There were Feathered Dinosaurs but not all Dinosaurs were Feathered

Research conducted by palaeontologists at the London Natural History Museum suggests that whilst dinosaurs that were closely related to modern birds (Aves), were probably feathered, other types of dinosaurs such as the Late Cretaceous horned dinosaurs and the duck-billed dinosaurs probably were not covered in feathers.  A book tracing the evolution of feathers is being written and as part of the background to this forthcoming publication, Professor Paul Barrett of the Museum conducted an evolutionary analysis looking at the preserved skin fossils of the 77 dinosaur species where evidence of skin has been preserved.

A Preserved Skin Impression from a Tyrannosaurus rex

T. rex skin impression fossil.

A skin impression associated with Tyrannosaurus rex.  Dinosaurs such as tyrannosaurs may have been feathered, at least whilst they were young animals but there are no signs of feathers or an integumentary covering associated with T. rex skin impressions.

Picture Credit: Biology Letters

Evidence of Reptilian Scaly Skins

The study suggests that the first types of dinosaurs were probably covered in scaly skin and not feathered.  Professor Barrett and his colleagues found no evidence of the earliest members of the Dinosauria being feathered.  Most of the fossil evidence supports the view that a specific proportion of the Theropoda (mostly meat-eating dinosaurs), the Coelurosauria – were feathered.  No evidence for a feathery covering in long-necked, plant-eaters (Sauropodomorpha) has been identified to date.

Sinosauropteryx – The First Dinosaur with Feathers to be Described

Sinosauropteryx fossil.

Sinosauropteryx fossil – the first feathered dinosaur to be described.  This small Chinese dinosaur is a member of the Coelurosauria clade of theropods, the group of theropods most closely associated with feathers.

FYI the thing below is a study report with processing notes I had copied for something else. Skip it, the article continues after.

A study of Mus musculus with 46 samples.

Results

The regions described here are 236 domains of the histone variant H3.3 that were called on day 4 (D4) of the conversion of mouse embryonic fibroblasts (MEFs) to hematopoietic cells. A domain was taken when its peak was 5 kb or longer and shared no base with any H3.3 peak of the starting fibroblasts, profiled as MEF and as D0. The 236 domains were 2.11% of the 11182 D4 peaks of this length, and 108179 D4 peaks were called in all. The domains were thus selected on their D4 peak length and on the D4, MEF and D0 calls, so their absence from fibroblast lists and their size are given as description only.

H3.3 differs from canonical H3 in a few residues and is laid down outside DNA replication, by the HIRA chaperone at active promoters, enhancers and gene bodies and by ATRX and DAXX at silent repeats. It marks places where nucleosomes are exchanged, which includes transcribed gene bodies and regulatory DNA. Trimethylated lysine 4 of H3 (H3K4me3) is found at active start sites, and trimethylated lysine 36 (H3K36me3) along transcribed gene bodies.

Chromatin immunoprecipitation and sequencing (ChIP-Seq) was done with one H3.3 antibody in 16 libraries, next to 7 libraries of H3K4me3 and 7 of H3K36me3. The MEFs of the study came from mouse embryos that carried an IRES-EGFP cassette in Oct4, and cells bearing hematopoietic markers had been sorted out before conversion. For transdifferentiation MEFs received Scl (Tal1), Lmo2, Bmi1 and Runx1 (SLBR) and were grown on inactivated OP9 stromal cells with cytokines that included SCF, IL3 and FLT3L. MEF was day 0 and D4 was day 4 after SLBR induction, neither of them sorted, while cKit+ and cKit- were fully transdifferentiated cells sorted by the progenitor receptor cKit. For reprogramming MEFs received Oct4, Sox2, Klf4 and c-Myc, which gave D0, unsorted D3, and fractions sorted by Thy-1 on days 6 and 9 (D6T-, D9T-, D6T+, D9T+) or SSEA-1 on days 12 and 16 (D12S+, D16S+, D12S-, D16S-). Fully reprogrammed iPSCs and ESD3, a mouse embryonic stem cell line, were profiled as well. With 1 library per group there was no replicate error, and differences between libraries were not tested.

Picture Credit: Everything Dinosaur

The First Feathered Dinosaur Fossils were Found in China

Sinosauropteryx a feathered dinosaur.

Analysis of Sinosauropteryx fossil material suggests that this little dinosaur had ginger feathers.

Picture Credit: J. Robbins

The book is due to be published later on this year, a spokesperson from Everything Dinosaur commented that it would add to the growing list of books aimed at the general reader that helped to explain some of the areas of research currently being conducted on the Dinosauria.

For further articles about feathered dinosaurs and research:

Tyrannosaurus rex loses its feathers: T. rex Sheds its Feathers.

The origins of feathers: Feathers came first, then Birds Evolved.

Did all Dinosaurs have feathers? Did all Dinosaurs have Feathers?

Extension Ideas

  • What evidence can you find for dinosaurs having feathers?  Can you draw up a simplified family tree of the Dinosauria identifying which types of dinosaurs were feathered?
  • What are the reasons for large animals such as the sauropods probably not having a feathery covering?  A hint, think surface to volume ratios and how large animals need to prevent overheating.
  • Create a poster/chart comparing a bird to a meat-eating dinosaur.  What are the similarities, what are the differences?
  • Why do you think some dinosaurs were feathered?  Can you come up with a theory?